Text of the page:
How to know when you’re spamming on social media
With social media now playing an active role in the careers of producers, it is often a great point of focus for artists looking to improve their visibility on a global scale. While many aim to grow their numbers and achieve as much exposure as possible, they use tactics specifically devised for promoting sales. This could include anything from sharing links to content to posting teaser clips. In this article we’re going to look at the flipside, and analyse the difference between promotion and spamming, and how to tell when you’re taking your promotion too far.
Many producers fixate on driving streams, it’s natural to crave those high numbers and do whatever it takes to drive more clicks. This can lead artists to desperate measures, as they try anything to get as many streams as possible in order to generate revenue and build a fanbase. This can result in artists not realising when they’re spamming and continuously repeat themselves without intention. Repetitive promotion is incredibly boring for your audience, and can cause them to ignore, mute or even worse, unfollow you on social media. This is an incredibly common trap that many artists fall into when aiming to promote a specific piece of content, and it’s something which can be avoided.
The key to keeping your audience entertained is making sure that you are constantly giving something back. Don’t think about how you can get more likes on a picture, think about how you can reward your audience for following you and buying into your brand. Whether you choose to run a giveaway, host a Q&A, respond more to your fans or offer expertise to budding producers, you will be moving in the right direction simply by offering something to your audience. If you start to cater your content towards giving your audience something in return, you’ll soon see your engagement rate growing.
Many will simply not realise that they aren’t offering anything interesting to their audience. If it’s your music you’re advertising, it appears interesting to you. But to a stranger on the Internet, the first post is worth a look, but the repetitive ones that follow are not. It is important to remember that nobody else finds your music as interesting as exciting as you do, so simply posting “listen to my brand new track” alongside a streaming link is not going to cut it.
When you aren’t doing enough to garner the interest of your following there are a few signs to look out for. This could be a decline in engagement, a loss of followers, a lack of comments. If your level of engagement declines in any way, it’s a clear sign that you need to change your approach. This doesn’t simply mean you’ve had one bad post and you’ve not achieved the results you were hoping for, this is for artists who continually aren’t achieving the results they’d like to. It is important to note whether your decline is recent or long-term, the latter marks a much more urgent need to re-strategize.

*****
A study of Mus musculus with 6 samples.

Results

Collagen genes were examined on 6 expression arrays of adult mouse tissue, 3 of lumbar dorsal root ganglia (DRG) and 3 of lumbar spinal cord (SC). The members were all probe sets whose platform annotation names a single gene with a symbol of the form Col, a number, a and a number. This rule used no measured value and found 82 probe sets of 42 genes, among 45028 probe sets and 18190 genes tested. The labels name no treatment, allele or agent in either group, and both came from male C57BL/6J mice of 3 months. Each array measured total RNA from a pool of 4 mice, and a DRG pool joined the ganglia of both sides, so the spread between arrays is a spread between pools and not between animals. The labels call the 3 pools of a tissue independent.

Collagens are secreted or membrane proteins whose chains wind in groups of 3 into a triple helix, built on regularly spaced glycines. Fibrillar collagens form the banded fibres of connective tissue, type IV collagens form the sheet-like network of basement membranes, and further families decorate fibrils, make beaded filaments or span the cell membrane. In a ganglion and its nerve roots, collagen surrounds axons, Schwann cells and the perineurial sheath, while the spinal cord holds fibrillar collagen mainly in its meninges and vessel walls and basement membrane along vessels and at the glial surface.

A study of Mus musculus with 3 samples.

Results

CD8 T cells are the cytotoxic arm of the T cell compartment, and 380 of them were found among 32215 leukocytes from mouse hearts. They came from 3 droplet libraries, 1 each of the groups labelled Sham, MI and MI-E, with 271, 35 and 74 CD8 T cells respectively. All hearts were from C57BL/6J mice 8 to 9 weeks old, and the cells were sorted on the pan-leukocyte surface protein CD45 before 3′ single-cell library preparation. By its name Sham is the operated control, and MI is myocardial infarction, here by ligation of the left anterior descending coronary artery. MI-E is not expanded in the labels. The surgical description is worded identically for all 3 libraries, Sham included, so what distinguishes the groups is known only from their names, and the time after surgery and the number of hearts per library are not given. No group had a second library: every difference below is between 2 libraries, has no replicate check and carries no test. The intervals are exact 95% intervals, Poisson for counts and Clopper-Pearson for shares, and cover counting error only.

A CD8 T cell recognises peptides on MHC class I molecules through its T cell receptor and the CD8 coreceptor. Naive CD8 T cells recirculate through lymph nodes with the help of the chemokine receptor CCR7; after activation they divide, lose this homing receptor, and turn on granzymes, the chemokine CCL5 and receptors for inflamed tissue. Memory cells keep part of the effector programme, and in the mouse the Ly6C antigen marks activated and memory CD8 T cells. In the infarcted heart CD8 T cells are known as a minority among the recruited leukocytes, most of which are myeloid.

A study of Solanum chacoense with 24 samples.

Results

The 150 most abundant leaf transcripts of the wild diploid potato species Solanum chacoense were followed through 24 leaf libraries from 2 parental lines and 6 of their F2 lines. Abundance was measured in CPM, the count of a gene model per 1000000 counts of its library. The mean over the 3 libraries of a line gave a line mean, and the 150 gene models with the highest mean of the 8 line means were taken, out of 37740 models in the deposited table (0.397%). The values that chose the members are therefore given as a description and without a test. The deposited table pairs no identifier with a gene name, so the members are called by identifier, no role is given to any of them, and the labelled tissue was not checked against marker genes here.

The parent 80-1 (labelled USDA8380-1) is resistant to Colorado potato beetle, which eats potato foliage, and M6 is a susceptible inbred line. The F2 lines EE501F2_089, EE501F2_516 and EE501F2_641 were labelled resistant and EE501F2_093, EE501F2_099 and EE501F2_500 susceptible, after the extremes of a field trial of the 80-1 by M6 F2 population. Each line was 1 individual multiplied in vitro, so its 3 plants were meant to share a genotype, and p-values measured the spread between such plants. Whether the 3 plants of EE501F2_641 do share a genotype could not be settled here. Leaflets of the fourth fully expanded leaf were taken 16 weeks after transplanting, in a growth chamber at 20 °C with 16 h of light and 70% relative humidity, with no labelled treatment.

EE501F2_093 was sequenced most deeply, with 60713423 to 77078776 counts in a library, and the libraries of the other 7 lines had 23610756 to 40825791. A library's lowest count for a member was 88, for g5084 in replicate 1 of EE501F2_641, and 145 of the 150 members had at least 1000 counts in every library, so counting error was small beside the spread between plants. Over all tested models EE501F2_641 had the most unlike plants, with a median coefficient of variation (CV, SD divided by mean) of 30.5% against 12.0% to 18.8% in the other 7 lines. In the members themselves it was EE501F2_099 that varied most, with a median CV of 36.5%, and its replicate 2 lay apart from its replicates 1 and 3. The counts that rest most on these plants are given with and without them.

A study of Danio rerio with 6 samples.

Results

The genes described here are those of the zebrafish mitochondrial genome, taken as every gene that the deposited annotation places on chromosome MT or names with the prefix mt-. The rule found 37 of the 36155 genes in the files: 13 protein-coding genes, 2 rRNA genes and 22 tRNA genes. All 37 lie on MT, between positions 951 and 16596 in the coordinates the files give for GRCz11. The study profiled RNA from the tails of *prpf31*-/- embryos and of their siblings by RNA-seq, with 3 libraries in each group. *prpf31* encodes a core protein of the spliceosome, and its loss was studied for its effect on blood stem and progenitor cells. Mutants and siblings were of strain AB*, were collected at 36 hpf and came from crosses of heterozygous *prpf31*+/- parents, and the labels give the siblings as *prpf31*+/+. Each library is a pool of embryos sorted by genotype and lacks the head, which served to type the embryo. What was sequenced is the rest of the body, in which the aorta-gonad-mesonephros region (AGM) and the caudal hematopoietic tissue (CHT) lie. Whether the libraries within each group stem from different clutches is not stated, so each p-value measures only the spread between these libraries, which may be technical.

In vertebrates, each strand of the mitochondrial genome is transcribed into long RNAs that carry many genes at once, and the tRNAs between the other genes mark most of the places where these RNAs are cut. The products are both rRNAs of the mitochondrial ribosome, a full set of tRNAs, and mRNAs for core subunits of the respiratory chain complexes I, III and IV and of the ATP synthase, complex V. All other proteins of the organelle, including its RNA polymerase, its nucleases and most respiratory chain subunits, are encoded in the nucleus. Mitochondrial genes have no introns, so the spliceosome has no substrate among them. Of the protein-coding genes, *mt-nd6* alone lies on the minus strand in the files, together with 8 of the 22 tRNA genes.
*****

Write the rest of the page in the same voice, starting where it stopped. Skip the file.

To stop spamming and redefine your approach it is important to take a step back. Set aside some time to analyse your competitors on social media and take note of their posts that have performed particularly well. Try to understand exactly why these posts in particular have achieved such great results, and aim to apply your newfound knowledge to your own strategy. Regardless of your budget, you can adapt any strategy to your own branding and use it to your advantage.
The most important thing to remember is that you can’t generate more interest in a piece of content by repeatedly posting the same link when you aren’t getting the results you’d hoped for. For example, you have uploaded a video to your YouTube channel and you’re looking to gain as many views as possible. You’ve posted about it on Facebook, Twitter, and Instagram but are still failing to hit the 100 views mark. You wonder why people aren’t clicking through so you adapt the text and post again, achieving the same minimal clicks. This is the worst method you can use to try and generate clicks, as it puts more and more distance between you and your audience as you struggle to achieve relevance and they become increasingly disinterested. Instead, accept that this particular campaign hasn’t gone as planned and go back to the drawing board.
If you are experiencing bad results from a campaign, don’t let it lower your confidence or mood. Failure is necessary in order to learn, and nobody gains a million followers overnight. Everyone who has succeeded as an artist in the industry has faced multiple failures. The best way to move on and stop spamming is to analyse why people weren’t interested in your content. The alternative is that maybe your posts simply aren’t generating the visibility they need, which is when you need to look into your advertising options.
Making sure not to spam is a great way to remain connected with your audience and ensure that they don’t lose interest in your brand. Always be careful to avoid becoming monotonous, this could lose you valuable followers and supporters who may be essential to your growth as an artist. Even if your engagement spirals downward, there is always an opportunity to rebuild and generate more engagement in the future. Learn from your mistakes on social media and use them to generate better results next time around.